If there’s one thing which unites almost all electronic music producers, it’s the quest for the perfect bassline. It’s hardly surprising when you consider how many things there are to get right: the melody itself; the synth sound; effects; compression; EQ; interaction with the kick drum and other elements. No wonder producers of virtually every genre of dance music obsess over bass. Here we’ll offer ten bass tips which will make life easier for producers of any genre of electronic music. From synthesis to mixdown, here’s how to approach the bottom end.
Note that these tips aren’t in the order – every bassline needs a slightly different approach. We’re not suggesting you should (necessarily) follow all the tips in this order for every bass.
1. Start with the right sound
It’s far more difficult to process an inappropriate sound in order to make it sound good than it is just to get it right at the source. This one might sound obvious, but it’s one of the most important guidelines when creating bass sounds: don’t make life difficult for yourself by starting with a poor sound and then trying to fix it. Take a step back, get the sound right in your synth or sampler first, then move forward.
Exactly what constitutes a ‘good’ sound is, of course, totally subjective. Some tracks might call for a super aggressive bass sound which dominates the mix. On other occasions, something more subtle and mellow works best. It’s good to have a rough idea what kind of sound you’re aiming for before you start so you’re not just fumbling around aimlessly until you discover something suitable. It also means having an awareness of the genre within which you’re working, and the bassline’s context in relation to other mix elements. We certainly aren’t suggesting you should be a slave to genre conventions, but having an understanding of them will help you figure out what tends to work best – and allow you to break the rules to create something new.
In terms of sound sources, one of the simplest approaches is to take an audio sample of an existing bass note and load it into your favourite sampler. Here’s a simple example in Logic’s built-in EXS24 sampler plugin:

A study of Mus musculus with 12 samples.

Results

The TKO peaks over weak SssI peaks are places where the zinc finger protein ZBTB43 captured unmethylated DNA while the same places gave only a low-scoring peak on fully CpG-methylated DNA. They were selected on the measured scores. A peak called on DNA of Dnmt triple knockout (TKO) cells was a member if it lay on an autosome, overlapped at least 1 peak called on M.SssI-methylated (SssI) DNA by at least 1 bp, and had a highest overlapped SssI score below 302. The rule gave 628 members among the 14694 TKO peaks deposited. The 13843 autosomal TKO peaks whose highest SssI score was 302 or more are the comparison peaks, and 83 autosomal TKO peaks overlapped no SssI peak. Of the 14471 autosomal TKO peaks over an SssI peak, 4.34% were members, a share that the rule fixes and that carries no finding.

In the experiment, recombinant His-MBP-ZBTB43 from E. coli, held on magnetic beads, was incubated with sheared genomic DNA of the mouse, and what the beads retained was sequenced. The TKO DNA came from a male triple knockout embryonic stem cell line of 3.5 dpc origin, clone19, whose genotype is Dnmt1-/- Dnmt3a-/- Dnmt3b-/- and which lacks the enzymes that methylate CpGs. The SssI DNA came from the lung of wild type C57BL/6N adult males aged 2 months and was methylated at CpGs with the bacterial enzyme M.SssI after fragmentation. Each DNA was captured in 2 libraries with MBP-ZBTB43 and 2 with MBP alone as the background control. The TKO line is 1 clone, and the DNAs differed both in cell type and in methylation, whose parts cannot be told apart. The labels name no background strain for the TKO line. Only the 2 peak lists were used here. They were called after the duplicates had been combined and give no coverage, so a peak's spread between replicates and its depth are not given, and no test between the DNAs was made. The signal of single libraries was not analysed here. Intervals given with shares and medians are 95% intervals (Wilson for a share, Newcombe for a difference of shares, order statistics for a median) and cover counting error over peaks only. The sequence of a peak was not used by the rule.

The downside to this approach is that while you can make some tweaks (depending on the capabilities of your sampler), you can’t easily alter the subtleties of the tone or make the sound longer – so limitations are apparent from the start. As such, sampled bass sounds tend to be most suited to cases where you absolutely must use a sound from an existing audio recording.
Perhaps the most obviously versatile source of a good bass sound is a decent subtractive synth – whether hardware or software. Here we’re using Steinberg’s Retrologue, one of the excellent synth plugins built into Cubase:
As you’d expect, a synth provides a lot more flexibility than a sampler, allowing you to tailor the sound to suit the track by applying processes such as filtering and modulation to your choice of oscillator sources.
For example, let’s start with a sawtooth wave…
Now apply a low-pass filter and adjust the filter envelope to make the sound more punchy and less bright:
The ‘shape’ of the sound is as important as its overall harmonic make-up. Subtractive synthesis (as used by all analogue or analogue-style synths) is generally best for more traditional bass sounds. This was the main synthesis approach used during the 70s, so there’s an inherently retro character to many (if not necessarily all) subtractive synths.
Massive has been particularly popular in dubstep over the last few years, providing the bottom end for hundreds of tracks. By modulating the wavetable oscillator with an LFO we can create all kinds of wobble effects:
Synthesis approaches like Massive’s wavetable options or FM8‘s frequency modulation architecture are generally best suited to more modern, aggressive sounds.
If you’re creating bass sounds from scratch, remember that a bassline doesn’t exist in isolation – it has to fit well within the context of a track, and this has an effect on what you can do with other elements. Thinking about the bigger picture of the track is essential as you start to create the perfect bass sound to fit.